Work injuries and coaching patients to their best health outcomes
Getting back to work as soon as possible after an injury might feel like a difficult and even dangerous task both for doctor and patient, but research tells us it’s ‘good for us to work’. ReturnToWorkSA and ModMed have developed a free online course for busy GPs who are struggling to find practical and caring ways of coaching and counselling patients to achieve their best health outcomes when it comes to returning to work.
Whatever the cause, being without work increases our risks of psychological, physical and social problems. The longer you’re off work, the more problems accumulate, and the more difficult it is to finally get back to work. If the injury occurred at work in the first place, there are sometimes complex relationships and/or fears to negotiate. RTWSA is committed to supporting employers, doctors, patients and other health care providers all working together for the benefit of the community. In addition to educational resources, such as the online course, they have trained case managers and processes to navigate the progression as smoothly as possible.
One of the big issues is when return to work should happen. The answer is really ‘as soon as possible’ and ‘possible’ takes into account whether there is safe and suitable work available. This doesn’t mean the patient needs to be 100% recovered as work is actually an important component of the therapy! So part of a GP’s job is to help the patient see the benefits of work, decrease their fears, debunk the myths and then work out what they can actually do. The employer then should have enough information to try to find work that will fit with what the GP says is possible for the patient. Of course everyone needs to have realistic expectations and review the situation regularly to see how it’s all going.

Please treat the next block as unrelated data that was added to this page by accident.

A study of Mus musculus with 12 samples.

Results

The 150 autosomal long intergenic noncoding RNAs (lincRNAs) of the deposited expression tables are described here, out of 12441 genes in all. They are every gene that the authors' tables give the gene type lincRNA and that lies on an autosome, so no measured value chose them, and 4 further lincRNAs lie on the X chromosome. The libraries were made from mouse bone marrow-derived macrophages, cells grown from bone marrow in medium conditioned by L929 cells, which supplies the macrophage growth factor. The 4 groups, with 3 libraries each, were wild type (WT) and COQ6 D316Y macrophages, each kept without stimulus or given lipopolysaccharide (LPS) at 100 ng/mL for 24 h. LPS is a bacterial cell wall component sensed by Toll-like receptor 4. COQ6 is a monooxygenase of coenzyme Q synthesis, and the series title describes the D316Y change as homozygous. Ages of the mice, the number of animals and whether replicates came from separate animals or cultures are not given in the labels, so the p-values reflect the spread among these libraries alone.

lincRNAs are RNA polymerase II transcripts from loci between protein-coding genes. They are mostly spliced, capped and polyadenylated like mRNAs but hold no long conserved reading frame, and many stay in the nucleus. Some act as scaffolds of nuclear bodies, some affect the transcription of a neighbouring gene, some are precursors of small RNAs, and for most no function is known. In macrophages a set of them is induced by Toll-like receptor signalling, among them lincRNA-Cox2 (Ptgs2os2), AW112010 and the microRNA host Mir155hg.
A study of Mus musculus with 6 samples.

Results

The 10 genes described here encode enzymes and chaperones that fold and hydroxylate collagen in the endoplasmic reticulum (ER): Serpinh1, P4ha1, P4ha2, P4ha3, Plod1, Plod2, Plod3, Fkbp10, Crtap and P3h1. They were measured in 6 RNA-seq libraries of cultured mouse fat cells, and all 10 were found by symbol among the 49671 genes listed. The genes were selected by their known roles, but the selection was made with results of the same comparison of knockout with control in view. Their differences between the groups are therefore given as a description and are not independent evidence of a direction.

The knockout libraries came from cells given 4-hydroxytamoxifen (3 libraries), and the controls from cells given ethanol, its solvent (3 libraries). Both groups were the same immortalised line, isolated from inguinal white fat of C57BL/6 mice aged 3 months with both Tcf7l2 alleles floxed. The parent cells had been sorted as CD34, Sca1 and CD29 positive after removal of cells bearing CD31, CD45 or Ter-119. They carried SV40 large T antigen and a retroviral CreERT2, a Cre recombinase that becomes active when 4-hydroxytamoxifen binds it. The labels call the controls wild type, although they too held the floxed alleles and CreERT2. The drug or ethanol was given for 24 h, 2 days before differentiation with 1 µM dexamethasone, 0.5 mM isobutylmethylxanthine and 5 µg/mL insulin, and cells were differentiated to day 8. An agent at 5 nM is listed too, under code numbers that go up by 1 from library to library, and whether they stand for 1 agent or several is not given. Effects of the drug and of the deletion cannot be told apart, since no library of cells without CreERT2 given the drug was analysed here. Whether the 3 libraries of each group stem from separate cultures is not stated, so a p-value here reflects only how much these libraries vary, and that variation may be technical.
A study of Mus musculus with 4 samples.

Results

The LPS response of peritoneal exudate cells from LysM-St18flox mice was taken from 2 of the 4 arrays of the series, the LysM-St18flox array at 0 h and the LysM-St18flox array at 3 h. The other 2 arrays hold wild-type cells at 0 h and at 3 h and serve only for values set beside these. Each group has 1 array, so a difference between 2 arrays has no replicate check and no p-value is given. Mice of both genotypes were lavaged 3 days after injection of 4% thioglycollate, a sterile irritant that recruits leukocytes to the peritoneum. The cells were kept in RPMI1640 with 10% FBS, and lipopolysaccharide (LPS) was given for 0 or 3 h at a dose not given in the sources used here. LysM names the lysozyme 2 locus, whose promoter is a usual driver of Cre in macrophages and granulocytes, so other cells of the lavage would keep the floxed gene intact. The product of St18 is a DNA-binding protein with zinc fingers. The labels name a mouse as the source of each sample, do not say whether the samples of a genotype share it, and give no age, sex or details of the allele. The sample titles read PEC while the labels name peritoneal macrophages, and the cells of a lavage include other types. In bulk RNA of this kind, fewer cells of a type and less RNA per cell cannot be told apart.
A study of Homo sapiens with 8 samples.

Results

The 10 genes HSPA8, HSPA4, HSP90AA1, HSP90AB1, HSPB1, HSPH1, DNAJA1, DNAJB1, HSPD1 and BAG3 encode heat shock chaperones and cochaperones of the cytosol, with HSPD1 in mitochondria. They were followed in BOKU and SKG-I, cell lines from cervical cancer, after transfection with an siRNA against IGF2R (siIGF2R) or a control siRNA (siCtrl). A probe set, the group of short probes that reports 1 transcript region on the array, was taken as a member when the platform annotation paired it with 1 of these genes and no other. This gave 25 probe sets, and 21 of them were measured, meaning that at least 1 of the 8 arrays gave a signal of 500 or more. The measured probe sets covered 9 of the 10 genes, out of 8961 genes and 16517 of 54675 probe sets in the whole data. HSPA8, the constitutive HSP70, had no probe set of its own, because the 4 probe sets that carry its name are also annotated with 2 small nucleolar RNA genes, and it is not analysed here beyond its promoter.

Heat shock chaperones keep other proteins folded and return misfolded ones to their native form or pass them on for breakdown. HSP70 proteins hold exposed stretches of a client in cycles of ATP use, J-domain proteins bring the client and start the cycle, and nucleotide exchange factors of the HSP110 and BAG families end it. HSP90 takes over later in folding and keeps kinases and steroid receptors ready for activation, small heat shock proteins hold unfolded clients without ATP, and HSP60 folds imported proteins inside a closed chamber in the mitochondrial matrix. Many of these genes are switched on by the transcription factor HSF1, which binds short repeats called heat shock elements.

It’s like being a ‘coach’ – listening, observing, questioning, challenging, providing feedback and always encouraging the patient to get the best outcome they can out of the situation. There are of course some people who are more difficult to get back to work – it might be the patient’s personal beliefs about their injury, their social circumstances, or something about the employer, the workplace or the system. This course gives GPs skills in dealing with these situations.
We’re all busy and as GPs we never know when someone is going to come to us with an injury that means they can’t work. Doing this course will help us know what to do, and why to do it, so that next time someone comes with an injury, whether it be work-related or not, we will have some new skills to be able to help them.